San Juan Bautista  


Mission San Juan Bautista
By Anne Brooksher
Mar 4, 2009, 11:51 PST



Father Fermin Lasuen, second Father-Presidente of the Alta California Mission Chain, founded the Mission San Juan Bautista on June 24th, 1797. It was the 15th of California's 21 missions. Located in the center of the San Juan Valley, it sits directly on the San Andreas fault-line.

Roger Sturtevant, Photographer Jan. 29, 1934 WEST END OF CHURCH - SANCTUARY


The mission was established only 13 days after Father Lasuen dedicated the mission at San Jose. The area was less dangerous than some other mission sites. The San Juan Valley was nevertheless an eventful place to build a structure. It's located directly above the fault. That made for an unstable environment. The ground would often shake so badly that work would have to be stopped. The shaking was so severe that the padres were forced to sleep outside for the entire month of October in 1798. There were often as many as six small tremors a day.

The earthquakes at the mission did a lot of damage, but the padres compensated for the loss of structures. The Indian population at San Juan Bautista grew very rapidly, providing both the need and the labor for the construction of a new, larger church. So when a massive earthquake destroyed the church in 1803, another larger one was immediately begun.

The new church that the missionaries built was unique in its design. Instead of the long, single nave design that the other California missions had, the Mission San Juan Bautista had three naves. A long row of arches separated each nave, and the unique construction provided room for over 1,000 people.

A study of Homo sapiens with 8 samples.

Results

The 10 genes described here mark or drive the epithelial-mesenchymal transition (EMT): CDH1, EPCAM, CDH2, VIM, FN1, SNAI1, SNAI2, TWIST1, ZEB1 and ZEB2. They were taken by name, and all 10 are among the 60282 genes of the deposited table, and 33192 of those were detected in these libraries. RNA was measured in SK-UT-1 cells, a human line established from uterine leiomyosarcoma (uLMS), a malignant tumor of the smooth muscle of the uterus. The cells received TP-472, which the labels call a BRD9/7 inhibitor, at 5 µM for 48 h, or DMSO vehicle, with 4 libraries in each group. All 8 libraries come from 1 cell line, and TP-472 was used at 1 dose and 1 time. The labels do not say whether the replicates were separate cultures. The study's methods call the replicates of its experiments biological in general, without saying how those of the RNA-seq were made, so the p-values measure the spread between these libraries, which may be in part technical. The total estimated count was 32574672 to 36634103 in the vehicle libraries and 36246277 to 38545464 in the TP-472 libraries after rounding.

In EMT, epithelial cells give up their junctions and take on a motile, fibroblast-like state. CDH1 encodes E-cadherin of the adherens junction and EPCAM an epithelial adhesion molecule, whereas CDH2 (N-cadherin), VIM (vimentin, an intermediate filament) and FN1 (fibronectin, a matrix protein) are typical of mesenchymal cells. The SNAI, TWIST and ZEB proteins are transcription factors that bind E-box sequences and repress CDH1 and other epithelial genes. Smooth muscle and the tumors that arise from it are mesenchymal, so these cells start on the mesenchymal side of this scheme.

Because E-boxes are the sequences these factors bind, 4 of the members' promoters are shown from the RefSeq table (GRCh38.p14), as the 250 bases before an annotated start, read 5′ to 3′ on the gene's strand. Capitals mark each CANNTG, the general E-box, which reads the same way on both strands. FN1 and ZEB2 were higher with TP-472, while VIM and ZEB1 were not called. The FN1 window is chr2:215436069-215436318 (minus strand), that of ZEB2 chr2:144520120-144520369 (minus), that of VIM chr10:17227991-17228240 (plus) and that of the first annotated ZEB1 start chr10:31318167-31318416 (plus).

Fearful that the arches separating the naves would not withstand an earthquake, the padres decided to wall off the side areas. This formed three main rooms: the center church nave, and two side wings. With this alteration in design completed, the new church more closely resembled the other mission buildings in the Alta California Mission Chain.

Like most California missions, the Mission San Juan Bautista supported itself and the Native inhabitants of the area by growing crops of wheat and corn. They also raised herds of horses and cattle, and cultivated grapes in a vineyard. The agricultural success of the mission sparked a huge trade industry to grow up around San Juan that included hides, tallow, and other farm products.

The town of San Juan Bautista began as a mission town, but soon grew to be much more. During the California Gold Rush, the area became packed with eager forty-niners looking to make their fortunes. The town still stands today as a booming Western city.